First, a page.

While the poem is undoubtedly well crafted, it positions Prince Philip as the last of a series of ‘Patriarchs’, who ‘fought ingenious wars’ rather than a man whose racist “quips” have been splashed across articles for years, part of the monarchy that left the stain of empire and colonialism across the world. Of course, what else are we to expect from the Poet Laureate, a role started by the monarchy in 1616 with poets chosen by the Queen? There is an expectation that the Poet Laureate will write on significant national occasions and royal events, despite this no longer being an official requirement. The death of Prince Philip will have no significant impact on the day to day lives of most people in this country, and it would be fair to ask why this is considered significant where other events, such as the Windrush scandal, are not.
“I saw it as a prompt for writing something dutiful, and in service of all people like him.” Armitage said. And indeed, the Poet Laureate is in service to people like Prince Philip.
Armitage’s predecessor, Carol Ann Duffy, certainly made strides in terms of representation when she was the first Laureate to be Scottish, the first to be a woman, and the first to be openly gay. Nevertheless, in a role where payment takes the form of a cask of sherry, an annual honorarium of £5,750, and prestige, a certain level of “respectability” is undoubtedly expected. When studying Shakespeare – who was similarly commissioned by the monarchy to write – we acknowledge the contents must include some deference to his employer by default. Yet this seems to be forgotten in the case of the Poet Laureate, who is instead transcended to represent the voice of an entire nation.
A single poet could never represent the diversity of thought contained within a country. More concerningly, being a de facto employee of the crown means that there is only a limited kind and amount of revolutionary or political poetry indirectly allowed, which never include critique of the monarchy.
A single poet could never represent the diversity of thought contained within a country.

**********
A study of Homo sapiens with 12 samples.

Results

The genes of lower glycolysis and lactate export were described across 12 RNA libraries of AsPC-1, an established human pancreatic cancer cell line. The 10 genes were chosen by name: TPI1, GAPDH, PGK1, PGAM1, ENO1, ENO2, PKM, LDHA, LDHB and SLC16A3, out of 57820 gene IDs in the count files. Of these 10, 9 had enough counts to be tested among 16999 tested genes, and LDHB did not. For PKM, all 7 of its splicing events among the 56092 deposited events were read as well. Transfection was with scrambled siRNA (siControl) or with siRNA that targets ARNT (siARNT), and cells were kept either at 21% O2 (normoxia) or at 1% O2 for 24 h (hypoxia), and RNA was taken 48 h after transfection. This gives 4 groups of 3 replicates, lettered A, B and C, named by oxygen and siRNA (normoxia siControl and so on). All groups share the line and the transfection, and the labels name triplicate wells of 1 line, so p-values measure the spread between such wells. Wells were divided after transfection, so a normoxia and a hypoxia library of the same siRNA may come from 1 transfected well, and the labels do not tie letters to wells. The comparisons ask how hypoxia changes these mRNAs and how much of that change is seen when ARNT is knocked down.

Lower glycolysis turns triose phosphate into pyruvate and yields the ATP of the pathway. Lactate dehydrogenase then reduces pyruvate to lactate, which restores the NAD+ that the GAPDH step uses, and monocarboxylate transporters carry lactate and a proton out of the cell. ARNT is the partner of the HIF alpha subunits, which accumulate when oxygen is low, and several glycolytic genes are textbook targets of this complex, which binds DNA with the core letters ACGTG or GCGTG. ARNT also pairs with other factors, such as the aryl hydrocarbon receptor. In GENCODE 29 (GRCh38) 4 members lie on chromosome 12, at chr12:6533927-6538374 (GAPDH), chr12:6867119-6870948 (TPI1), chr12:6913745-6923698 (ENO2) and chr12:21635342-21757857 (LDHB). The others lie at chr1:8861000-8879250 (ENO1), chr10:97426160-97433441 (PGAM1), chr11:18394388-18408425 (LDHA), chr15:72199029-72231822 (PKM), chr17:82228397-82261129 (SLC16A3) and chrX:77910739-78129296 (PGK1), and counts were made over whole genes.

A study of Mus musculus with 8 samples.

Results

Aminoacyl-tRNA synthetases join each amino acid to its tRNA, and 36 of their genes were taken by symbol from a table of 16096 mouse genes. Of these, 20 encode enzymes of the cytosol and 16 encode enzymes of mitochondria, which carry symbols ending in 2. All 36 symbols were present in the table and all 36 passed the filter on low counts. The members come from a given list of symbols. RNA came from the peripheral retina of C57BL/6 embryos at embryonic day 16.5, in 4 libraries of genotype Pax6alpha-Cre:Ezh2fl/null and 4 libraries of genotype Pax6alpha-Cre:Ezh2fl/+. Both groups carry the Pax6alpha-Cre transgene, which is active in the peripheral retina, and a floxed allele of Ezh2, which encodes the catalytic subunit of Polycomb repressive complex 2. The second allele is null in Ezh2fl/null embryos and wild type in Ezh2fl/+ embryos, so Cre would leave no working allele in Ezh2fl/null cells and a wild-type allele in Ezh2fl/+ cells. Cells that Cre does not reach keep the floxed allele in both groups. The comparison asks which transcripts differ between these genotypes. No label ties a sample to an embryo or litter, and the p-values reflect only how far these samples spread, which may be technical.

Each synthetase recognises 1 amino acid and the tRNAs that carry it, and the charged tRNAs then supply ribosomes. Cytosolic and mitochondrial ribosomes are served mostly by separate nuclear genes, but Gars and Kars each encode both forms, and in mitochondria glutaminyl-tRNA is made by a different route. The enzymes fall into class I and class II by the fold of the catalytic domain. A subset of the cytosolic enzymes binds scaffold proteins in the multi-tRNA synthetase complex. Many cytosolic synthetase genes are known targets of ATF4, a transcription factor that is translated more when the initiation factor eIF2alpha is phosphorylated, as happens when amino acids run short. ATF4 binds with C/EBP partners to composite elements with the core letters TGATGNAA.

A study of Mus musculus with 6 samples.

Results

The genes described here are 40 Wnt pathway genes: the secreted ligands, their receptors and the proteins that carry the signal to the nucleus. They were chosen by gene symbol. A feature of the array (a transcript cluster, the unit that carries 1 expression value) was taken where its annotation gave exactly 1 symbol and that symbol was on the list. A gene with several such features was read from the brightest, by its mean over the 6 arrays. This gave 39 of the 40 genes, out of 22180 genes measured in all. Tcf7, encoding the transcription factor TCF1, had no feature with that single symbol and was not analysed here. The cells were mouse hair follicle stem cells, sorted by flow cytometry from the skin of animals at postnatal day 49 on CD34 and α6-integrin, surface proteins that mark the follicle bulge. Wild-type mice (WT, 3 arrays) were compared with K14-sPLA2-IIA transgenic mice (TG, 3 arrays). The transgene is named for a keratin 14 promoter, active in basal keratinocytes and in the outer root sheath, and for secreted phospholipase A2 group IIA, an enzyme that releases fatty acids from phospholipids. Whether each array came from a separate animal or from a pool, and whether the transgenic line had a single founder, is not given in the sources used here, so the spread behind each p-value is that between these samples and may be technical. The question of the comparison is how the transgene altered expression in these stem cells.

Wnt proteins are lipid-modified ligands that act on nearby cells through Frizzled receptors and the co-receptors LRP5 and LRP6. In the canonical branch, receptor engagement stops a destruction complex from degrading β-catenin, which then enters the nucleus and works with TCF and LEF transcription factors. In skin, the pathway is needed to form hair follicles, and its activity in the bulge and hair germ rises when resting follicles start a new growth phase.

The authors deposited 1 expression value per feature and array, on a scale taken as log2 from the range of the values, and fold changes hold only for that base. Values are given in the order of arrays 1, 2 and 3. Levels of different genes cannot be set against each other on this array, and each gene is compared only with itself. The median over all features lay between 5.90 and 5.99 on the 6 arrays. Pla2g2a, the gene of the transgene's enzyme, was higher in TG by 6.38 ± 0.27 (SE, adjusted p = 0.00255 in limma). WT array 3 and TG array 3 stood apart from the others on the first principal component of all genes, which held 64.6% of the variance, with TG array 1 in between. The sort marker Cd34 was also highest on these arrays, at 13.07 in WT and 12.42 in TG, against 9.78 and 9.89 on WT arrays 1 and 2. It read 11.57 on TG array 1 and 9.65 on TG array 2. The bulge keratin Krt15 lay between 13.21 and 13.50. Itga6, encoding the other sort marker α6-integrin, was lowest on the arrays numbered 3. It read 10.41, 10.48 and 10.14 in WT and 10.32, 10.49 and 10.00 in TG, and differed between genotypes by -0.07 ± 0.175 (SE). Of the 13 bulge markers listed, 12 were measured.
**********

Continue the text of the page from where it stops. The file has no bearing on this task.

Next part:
Notable poet Benjamin Zephaniah ruled himself out of taking the title for this very reason, tweeting in response to his consideration as Duffy’s replacement:
“I have absolutely no interest in this job. I won’t work for them. They oppress me, they upset me, and they are not worthy.
“I write to connect with people and have never felt the need to go via the church, the state, or the monarchy to reach my people. No money. Freedom or death.”
Many poets have done similarly to Zephaniah, with poet Wendy Cope ruling herself out while Thomas Gray, Samuel Rogers and Walter Scott all turned down the laureateship.
Is it time to move on from the laureateship, from the idea of a national steward of poetry? Perhaps. Yet you only must look at America’s first-ever National Youth Poet Laureate, 22-year-old Amanda Gorman, and her inauguration poem, to see the impact one person in such a role can have. Perhaps the answer for us is also to expand the support, funding, and prestige available for talented poets, to create a similar National Youth Poet Laureate position. Perhaps the answer is not to abolish the Poet Laureate, but to expand and support national representative poets with funding from different directions. If you want more poetry, of a different kind, the answer is not to remove what little funded positions there are for poets, but to replace and expand them in new and exciting directions.